German Chancellor Angela Merkel likened solving Europe’s debt crisis to a marathon, shunning investor calls for quick action while pushing for stricter budget enforcement and overhauling the region’s governance.
Addressing lawmakers in Berlin today before a Dec. 9 summit of European leaders, Merkel rejected joint euro-area bonds or trying to make the European Central Bank the lender of last resort as quick fixes. The ECB’s role is different from that of the Federal Reserve or the Bank of England, she said.
“Marathon runners often say that a marathon gets especially tough and strenuous after about 35 kilometers (22 miles),” Merkel told the lower house of parliament in a speech previewing the European Union summit. “But they also say you can last the whole course if you’re aware of the magnitude of the task from the start.”
Germany and France are leading the push for closer economic ties among euro nations and locking in tougher enforcement of budget rules to counter the debt crisis now in its third year. Merkel welcomed French President Nicolas Sarkozy’s “important” speech yesterday in which he warned that the euro region’s fissures threaten to blow the 17-nation shared currency apart. She is due to hold talks with the French leader in Paris on Dec. 5 to coordinate their approach to next week’s summit.
With financial markets and world leaders including President Barack Obama pressing Europe to end the crisis, Merkel said that while she favored involving all EU countries, fiscal union could be limited to the euro area. That would avoid the task of getting all 27 EU members to agree. U.K. Prime Minister David Cameron is due in Paris about 1 p.m. today for talks with Sarkozy ahead of the summit.
Europe needs fiscal oversight that’s “binding” and includes “real automaticity” to punish states that persistently breach debt and deficit rules, Merkel said. European Union President Herman van Rompuy will make proposals on closer economic union on Dec. 9, when Germany will push for EU treaty change, she said.
Euro-area limits of keeping debt within 60 percent of gross domestic product and deficits within 3 percent of GDP must be enforced, she said. Merkel has said that countries that breach the limits could be sued in the European Court of Justice.
“The lessons are very simple: Rules must be adhered to, adherence must be monitored, non-adherence must have consequences,” she said today. Leaders have to “overcome fundamental flaws in the construction of the euro area.”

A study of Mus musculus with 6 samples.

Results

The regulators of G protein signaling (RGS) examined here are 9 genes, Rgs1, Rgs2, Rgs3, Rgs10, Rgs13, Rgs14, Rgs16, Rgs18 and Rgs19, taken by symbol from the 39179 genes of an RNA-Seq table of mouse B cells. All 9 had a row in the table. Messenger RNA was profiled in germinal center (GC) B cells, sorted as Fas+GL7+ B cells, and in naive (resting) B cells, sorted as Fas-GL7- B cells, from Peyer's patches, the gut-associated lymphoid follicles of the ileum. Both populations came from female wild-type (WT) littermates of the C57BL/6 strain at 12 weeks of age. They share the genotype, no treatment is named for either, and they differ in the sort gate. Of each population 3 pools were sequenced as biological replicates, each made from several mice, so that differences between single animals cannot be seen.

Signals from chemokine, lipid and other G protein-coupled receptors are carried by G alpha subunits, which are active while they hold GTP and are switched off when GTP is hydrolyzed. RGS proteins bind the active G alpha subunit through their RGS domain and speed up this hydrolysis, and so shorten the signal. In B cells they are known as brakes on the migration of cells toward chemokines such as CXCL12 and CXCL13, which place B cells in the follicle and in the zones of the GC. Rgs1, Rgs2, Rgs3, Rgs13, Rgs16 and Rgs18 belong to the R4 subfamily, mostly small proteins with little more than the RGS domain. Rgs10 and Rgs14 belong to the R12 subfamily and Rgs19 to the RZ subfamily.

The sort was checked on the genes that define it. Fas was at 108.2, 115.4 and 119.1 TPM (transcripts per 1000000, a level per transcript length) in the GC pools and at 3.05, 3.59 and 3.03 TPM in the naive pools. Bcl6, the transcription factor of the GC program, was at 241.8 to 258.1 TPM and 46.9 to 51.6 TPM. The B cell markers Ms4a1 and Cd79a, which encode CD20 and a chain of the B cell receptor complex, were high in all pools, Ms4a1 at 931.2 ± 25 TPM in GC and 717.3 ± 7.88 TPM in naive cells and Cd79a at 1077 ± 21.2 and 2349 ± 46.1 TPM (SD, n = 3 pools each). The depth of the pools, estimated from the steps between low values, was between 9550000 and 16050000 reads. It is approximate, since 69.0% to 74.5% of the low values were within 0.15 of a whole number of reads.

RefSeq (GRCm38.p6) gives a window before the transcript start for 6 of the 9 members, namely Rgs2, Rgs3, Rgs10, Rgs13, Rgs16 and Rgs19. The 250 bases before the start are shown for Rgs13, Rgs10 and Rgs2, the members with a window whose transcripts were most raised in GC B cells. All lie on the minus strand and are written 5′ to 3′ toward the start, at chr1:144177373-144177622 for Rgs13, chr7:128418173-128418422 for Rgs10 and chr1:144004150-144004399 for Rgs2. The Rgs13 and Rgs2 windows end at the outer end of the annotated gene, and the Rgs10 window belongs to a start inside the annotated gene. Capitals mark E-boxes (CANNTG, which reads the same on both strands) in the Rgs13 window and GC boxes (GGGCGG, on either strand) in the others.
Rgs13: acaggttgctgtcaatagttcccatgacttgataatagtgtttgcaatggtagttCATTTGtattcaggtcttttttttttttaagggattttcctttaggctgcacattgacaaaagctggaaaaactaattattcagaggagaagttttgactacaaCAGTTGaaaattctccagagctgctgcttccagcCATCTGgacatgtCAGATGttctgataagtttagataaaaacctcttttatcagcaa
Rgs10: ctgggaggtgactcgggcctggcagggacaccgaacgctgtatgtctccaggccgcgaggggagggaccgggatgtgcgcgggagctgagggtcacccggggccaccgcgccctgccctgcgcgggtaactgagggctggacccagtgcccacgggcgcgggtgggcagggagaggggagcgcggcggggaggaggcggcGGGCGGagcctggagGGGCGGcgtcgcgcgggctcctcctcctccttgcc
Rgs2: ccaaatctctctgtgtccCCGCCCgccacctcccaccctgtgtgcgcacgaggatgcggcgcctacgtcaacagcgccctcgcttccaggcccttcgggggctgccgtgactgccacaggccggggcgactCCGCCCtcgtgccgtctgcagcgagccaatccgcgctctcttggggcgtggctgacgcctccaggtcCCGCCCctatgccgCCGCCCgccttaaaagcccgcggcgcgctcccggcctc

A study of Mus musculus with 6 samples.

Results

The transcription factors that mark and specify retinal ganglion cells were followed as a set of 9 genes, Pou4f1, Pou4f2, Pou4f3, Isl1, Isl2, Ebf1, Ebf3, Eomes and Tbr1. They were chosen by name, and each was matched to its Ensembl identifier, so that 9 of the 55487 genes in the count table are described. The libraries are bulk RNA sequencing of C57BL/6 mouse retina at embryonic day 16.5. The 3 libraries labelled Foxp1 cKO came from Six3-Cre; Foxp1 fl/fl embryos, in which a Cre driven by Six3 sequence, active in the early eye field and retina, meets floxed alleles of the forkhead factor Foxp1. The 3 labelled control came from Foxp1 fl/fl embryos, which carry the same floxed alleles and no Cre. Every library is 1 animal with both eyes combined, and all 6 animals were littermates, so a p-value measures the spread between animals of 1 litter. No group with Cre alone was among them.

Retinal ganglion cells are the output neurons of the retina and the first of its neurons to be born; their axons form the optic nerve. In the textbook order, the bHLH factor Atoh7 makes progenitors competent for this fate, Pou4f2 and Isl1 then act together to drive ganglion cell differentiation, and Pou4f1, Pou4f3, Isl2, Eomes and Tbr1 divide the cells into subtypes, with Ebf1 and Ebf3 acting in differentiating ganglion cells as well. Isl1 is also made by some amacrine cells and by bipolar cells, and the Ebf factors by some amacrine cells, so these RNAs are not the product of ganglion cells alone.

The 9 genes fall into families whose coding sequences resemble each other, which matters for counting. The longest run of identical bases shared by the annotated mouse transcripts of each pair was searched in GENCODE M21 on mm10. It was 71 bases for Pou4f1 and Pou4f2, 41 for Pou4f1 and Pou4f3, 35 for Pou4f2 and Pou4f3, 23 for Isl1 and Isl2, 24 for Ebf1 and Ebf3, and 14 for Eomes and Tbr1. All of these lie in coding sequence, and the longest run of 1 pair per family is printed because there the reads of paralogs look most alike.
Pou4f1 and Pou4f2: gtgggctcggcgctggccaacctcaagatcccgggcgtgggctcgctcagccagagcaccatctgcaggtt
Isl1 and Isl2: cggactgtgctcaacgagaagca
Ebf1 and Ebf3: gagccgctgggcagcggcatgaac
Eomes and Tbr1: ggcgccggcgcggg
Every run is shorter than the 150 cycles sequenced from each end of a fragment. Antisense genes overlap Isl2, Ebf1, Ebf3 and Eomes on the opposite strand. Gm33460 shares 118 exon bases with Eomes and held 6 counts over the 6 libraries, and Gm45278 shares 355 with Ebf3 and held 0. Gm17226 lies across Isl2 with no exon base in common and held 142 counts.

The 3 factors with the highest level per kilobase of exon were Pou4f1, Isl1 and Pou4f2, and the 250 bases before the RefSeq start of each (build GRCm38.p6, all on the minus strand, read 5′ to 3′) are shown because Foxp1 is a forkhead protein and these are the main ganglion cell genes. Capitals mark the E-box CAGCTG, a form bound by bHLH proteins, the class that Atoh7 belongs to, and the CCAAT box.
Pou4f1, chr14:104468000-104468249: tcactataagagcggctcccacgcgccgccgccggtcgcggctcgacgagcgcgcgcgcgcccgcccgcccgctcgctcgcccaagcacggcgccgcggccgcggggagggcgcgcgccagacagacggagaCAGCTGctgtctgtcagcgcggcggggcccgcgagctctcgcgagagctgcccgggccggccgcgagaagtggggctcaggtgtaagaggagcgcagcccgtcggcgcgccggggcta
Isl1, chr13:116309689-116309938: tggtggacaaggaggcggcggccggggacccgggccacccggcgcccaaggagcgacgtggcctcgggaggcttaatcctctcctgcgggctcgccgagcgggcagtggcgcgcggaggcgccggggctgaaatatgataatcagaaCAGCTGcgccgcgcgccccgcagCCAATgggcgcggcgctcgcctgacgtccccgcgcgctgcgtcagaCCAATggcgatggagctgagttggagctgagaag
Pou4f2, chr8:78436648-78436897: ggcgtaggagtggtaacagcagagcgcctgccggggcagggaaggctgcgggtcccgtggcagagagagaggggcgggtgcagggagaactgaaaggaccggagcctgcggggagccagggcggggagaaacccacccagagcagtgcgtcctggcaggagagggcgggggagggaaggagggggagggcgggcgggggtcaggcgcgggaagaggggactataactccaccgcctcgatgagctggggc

‘Exploding’ Euro Area
Merkel’s prescription echoed Sarkozy, who said late yesterday in a speech in Toulon, France, that the euro area risks “exploding” if members fail to converge on fiscal policies. Countries sharing the currency must prepare their budgets in common, narrow gaps in competitiveness and face tougher automatic penalties for rule-breaking, Sarkozy said.
ECB President Mario Draghi, who has criticized European leaders’ response to the debt crisis, signaled yesterday that the central bank could do more to help if governments push the euro area toward fiscal union.
“A new fiscal compact” is needed to start restoring credibility,” Draghi said in Brussels. “Other elements might follow, but the sequencing matters.” He didn’t specify what more the ECB could do and said its purchases of euro-area sovereign bonds to stem the crisis “can only be limited.”
Merkel said the ECB has to be free to move in any direction and that she won’t comment on what it does or doesn’t do. The ECB’s independence to take decisions “in any direction” must be guarded, Merkel told lawmakers.
The ECB is independent and must choose its own method of ensuring the euro’s stability “without being praised or criticized” and states must protect that independence by improving their finances, the Westdeutsche Zeitung quoted Merkel as saying in an interview released yesterday.
Sarkozy agreed at a meeting with Merkel and Italian Prime Minister Mario Monti on Nov. 24 to stop pressuring the ECB to step up its response to the debt crisis. Sarkozy retreated after Draghi criticized French calls for the ECB to use its unlimited power to backstop euro-area bond markets, something that Merkel has also repeatedly rejected.
Joint euro-area bonds are also “unthinkable” as long as governments retain national control over budgets, Merkel said today.
“You have to differentiate between credible enforcement powers and joint European control over revenue and spending,” she said. “And as long as this is so, joint liability for the debt of others is unthinkable. That also takes care of the debate over so-called euro bonds for now.”